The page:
ICC prosecutor: Judges accept basis of Rohingya probe
Sources indicate involvement of Myanmar government forces, state agents in crimes against Rohingya, says statement
A prosecutor of the International Criminal Court (ICC) said the tribunal’s judges were convinced by the reasonable basis to assess the accusations of widespread crimes perpetrated by Myanmar’s state forces against ethnic Rohingya community in Rakhine state.
The judges accepted that there was "reasonable basis" to believe that since at least Oct. 9, 2016, "widespread and/or systematic acts of violence" may have been committed against the Rohingya population, including murder, imprisonment, torture, rape, sexual violence and other coercive acts, said Fatou Bensouda in a statement on Friday.
Bensouda added that these acts resulted in the large-scale deportation of the Muslim minority, and that there may have been a "state policy to attack the Rohingya population".
She said there were "many sources indicating the heavy involvement of several Myanmar government forces and other state agents, and that members of the Myanmar armed forces jointly with other Myanmar security forces and with some participation of local civilians, may have committed these crimes" against Rohingya.
In the statement, Bensouda assured that the ICC prosecution would also inspect the activities of the alleged Rohingya insurgency group, Arakan Rohingya Salvation Army (ARSA).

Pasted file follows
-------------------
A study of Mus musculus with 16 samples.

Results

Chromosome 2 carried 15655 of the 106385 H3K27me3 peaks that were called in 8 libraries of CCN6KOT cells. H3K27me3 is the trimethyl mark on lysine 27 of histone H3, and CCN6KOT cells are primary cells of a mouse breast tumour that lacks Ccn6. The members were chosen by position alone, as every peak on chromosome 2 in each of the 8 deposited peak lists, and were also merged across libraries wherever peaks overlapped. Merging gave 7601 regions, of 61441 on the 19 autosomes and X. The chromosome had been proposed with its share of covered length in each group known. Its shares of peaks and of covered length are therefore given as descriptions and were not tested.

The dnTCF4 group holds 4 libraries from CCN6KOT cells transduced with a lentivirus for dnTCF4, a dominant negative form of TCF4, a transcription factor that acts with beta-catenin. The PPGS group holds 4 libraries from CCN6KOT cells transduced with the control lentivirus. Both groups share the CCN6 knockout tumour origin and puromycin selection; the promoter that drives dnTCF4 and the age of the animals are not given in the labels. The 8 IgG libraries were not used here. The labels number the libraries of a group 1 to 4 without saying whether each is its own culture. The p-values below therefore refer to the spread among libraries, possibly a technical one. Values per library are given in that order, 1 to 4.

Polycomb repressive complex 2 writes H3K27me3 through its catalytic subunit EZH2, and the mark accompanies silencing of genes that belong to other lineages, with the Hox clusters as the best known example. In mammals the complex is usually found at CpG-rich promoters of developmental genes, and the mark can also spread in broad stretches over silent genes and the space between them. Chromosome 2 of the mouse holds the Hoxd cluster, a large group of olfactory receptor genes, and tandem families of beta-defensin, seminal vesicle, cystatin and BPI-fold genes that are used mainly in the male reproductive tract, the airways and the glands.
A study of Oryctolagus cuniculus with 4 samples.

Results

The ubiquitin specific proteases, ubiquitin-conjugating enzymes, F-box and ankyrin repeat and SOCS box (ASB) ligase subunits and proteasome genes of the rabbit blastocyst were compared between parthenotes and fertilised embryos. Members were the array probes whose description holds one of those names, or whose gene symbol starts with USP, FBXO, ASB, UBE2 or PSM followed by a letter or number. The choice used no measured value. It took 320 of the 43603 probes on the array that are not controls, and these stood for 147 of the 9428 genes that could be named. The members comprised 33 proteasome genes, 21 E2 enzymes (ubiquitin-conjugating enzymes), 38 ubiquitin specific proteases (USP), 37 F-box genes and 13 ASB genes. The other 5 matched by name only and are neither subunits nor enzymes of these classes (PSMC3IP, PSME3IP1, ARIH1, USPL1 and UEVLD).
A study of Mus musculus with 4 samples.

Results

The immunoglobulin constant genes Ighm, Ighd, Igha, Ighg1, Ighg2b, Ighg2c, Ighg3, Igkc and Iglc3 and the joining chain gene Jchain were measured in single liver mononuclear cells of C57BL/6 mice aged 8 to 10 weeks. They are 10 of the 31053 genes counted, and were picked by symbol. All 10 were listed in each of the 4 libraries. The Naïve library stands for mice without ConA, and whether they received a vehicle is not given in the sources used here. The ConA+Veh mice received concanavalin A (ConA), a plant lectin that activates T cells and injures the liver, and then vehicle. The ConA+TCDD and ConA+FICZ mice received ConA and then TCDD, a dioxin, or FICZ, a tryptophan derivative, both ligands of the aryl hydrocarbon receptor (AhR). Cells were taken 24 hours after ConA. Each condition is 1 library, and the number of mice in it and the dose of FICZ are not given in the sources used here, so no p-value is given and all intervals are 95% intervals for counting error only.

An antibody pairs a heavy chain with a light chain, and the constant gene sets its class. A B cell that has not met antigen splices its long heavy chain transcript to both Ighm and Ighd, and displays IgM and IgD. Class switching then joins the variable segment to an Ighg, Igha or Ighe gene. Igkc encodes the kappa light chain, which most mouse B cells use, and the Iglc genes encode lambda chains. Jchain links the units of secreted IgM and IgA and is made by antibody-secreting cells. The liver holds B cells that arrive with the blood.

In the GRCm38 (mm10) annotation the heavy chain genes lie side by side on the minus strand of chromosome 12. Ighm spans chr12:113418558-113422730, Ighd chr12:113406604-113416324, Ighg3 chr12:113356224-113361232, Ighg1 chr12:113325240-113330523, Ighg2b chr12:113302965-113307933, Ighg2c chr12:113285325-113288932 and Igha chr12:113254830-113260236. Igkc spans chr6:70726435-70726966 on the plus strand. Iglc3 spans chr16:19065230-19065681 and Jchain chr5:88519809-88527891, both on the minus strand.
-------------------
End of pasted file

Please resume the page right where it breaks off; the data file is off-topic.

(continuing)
On Nov. 14, judges at the ICC approved a prosecution request to investigate crimes against Myanmar’s Rohingya Muslim minority, though Myanmar had since rejected the international court's jurisdiction on the matter.
According to Amnesty International, more than 750,000 Rohingya refugees, mostly women and children, have fled Myanmar and crossed into Bangladesh after Myanmar forces launched a crackdown on the minority Muslim community in August 2017. Bangladesh currently houses over 1.2 million members of the persecuted people.
Bangladesh is a member state of the ICC, while Myanmar, which is not a party to the Rome Statute, has been accused of committing widespread abuses against Rohingya.
Since Aug. 25, 2017, nearly 24,000 Rohingya Muslims have been killed by Myanmar’s state forces, according to a report by the Ontario International Development Agency (OIDA).Anadolu Agency website contains only a portion of the news stories offered to subscribers in the AA News Broadcasting System (HAS), and in summarized form. Please contact us for subscription options.